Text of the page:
By Brent Davidson
25th February 2016

The lofty dreams of youth are often just that - dreams. I remember having a conversation in primary school about how we would all pool our money and buy a big house together so we could hang out all the time. A house couldn't cost much, right? And together we'd have a lot of money... Maybe like a whole $600 together! Wow, that's a lot. Unfortunately now, thanks to the crushing realisations of adulthood, it's clear this plan would never have worked. But what if it had?

Microbe (Ange Dargent) is small for his age, awkward around girls and just trying to fit in. Gasoline (Thèophile Baquet) is a new kid in class and a jocular outsider who, as his nickname suggests, always smells of gasoline. He's a tinker and is always fixing engines. The two strike up an unlikely friendship, leading them to build their own version of a mobile home. What ensues next is the road trip of their very short lifetimes!

Coming-of-age films are rarely as charming and funny as this. These two kids are so likeable and relatable that it's hard not to see yourself in them. A testament to any truly good coming-of-age film is its ability to stir nostalgia in an adult audience and provide inspiration and wonder for its target audience - this film provides both of these feelings in abundance. So charming and funny, the actors were clearly having the time of their lives making this movie.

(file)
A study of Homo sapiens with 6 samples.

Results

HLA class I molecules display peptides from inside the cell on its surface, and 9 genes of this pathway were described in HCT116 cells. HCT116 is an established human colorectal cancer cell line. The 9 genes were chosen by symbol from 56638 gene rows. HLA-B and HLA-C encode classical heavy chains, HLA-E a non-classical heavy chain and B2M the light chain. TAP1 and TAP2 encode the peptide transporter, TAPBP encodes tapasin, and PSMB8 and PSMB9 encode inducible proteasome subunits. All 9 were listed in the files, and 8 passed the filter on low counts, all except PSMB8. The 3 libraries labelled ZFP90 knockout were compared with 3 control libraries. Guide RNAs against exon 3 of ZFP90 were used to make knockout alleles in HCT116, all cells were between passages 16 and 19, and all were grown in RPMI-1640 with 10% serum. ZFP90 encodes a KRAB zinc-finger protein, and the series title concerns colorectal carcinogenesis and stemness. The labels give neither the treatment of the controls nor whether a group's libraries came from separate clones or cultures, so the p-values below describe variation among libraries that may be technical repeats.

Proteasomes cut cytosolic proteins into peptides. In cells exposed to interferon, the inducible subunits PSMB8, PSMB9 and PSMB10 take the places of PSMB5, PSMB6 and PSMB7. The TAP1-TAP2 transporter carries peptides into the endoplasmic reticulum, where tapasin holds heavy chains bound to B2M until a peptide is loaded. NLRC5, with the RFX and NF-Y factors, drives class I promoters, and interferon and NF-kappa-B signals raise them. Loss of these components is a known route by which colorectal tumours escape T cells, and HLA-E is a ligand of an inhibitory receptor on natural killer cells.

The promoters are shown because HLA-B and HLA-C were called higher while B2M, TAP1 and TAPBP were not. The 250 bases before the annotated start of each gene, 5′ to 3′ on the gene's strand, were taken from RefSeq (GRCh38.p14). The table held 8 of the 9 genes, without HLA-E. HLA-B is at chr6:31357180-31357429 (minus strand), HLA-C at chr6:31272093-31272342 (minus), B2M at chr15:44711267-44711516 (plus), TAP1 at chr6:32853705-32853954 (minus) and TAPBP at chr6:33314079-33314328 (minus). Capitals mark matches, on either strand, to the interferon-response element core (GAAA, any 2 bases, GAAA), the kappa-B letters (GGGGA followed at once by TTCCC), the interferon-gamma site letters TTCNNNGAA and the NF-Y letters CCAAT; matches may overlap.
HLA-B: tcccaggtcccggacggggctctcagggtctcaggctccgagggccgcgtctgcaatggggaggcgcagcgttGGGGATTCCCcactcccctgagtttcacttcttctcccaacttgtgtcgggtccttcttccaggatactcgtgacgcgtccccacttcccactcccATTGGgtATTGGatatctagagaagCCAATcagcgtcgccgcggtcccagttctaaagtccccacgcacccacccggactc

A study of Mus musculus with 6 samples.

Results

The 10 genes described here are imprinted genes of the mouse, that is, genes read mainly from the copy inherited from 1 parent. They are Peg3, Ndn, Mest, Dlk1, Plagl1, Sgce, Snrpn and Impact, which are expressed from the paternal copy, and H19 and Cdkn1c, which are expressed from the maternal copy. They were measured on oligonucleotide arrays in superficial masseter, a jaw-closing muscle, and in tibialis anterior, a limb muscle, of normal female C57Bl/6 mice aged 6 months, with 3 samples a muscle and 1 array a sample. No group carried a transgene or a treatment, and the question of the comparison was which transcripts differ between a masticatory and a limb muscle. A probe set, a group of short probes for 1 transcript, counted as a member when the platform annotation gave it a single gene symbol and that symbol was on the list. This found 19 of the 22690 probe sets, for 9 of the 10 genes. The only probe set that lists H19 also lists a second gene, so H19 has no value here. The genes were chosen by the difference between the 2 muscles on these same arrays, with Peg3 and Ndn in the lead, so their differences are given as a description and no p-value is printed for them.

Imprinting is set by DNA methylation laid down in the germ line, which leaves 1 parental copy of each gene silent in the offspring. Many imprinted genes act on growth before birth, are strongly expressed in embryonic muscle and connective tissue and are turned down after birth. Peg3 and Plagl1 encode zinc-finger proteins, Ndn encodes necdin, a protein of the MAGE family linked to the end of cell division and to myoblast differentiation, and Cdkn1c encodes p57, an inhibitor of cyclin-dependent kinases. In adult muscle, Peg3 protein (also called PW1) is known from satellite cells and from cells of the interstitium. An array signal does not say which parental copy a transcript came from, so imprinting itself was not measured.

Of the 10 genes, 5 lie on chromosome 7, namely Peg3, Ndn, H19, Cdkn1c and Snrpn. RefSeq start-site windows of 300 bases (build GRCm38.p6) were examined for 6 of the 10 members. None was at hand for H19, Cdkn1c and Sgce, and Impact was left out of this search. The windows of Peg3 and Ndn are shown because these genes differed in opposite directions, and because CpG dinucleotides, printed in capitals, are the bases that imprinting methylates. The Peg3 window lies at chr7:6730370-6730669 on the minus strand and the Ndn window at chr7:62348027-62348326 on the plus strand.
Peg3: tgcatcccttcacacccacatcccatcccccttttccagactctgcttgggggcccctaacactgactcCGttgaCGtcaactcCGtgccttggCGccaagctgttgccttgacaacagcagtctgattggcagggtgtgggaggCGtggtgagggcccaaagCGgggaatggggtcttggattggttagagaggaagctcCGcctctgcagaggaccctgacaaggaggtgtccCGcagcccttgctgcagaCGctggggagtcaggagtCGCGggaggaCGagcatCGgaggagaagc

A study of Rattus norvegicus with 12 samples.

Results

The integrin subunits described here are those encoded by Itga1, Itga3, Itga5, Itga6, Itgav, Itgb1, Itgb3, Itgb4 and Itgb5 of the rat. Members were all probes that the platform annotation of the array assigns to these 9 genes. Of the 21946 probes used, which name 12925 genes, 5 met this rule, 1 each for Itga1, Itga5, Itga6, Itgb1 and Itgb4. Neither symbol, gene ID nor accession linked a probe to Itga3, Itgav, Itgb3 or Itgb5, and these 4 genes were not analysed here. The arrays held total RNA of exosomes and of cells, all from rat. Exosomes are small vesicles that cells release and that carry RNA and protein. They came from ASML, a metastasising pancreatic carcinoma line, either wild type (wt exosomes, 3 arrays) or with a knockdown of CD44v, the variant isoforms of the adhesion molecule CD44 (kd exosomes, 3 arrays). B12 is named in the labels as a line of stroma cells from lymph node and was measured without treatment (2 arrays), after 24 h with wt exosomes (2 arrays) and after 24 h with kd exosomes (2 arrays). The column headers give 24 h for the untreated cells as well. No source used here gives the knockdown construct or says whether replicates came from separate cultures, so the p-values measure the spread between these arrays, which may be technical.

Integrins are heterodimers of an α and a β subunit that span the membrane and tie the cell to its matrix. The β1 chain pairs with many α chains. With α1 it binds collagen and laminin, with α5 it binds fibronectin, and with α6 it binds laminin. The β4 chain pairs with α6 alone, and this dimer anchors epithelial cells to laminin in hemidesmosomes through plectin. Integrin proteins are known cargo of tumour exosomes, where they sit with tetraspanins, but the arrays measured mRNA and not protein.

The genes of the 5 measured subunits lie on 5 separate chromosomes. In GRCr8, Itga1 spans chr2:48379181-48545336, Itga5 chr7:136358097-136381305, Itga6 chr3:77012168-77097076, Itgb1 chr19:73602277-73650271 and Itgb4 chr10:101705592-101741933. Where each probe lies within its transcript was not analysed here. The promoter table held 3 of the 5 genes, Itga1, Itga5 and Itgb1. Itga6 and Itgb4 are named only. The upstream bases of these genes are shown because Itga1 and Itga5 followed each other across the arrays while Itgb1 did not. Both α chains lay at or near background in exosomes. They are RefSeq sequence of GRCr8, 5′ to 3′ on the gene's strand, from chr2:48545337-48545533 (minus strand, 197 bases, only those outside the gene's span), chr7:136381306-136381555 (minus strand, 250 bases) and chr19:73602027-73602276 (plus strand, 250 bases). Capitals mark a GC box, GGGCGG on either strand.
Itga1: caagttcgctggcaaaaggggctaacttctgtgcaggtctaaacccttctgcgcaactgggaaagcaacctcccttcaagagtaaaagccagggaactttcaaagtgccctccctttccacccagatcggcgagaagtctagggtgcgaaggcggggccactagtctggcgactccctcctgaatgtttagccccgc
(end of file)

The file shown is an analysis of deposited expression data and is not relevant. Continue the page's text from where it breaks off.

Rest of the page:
The writing is adorable and their house on wheels is a marvel of childhood engineering, complete with fake window flowers. We're presented with the family backgrounds of both of these boys, both are trying to escape a different form of horrible family situation, but they don't talk directly about it (as children wouldn't do), rather skirting around the issues then focusing on playing.

Coming-of-age films are rarely as charming and funny as this.

'Microbe And Gasoline' is a lovely snapshot of the French countryside, and a lovely insight into more rural French life. What is also lovely is that the ending isn't neatly wrapped up. Like life, it's always a little fuzzy around the edges. A perfect film to take your teenager to (or a teenager at heart) at this year's Alliance Française French Film Festival.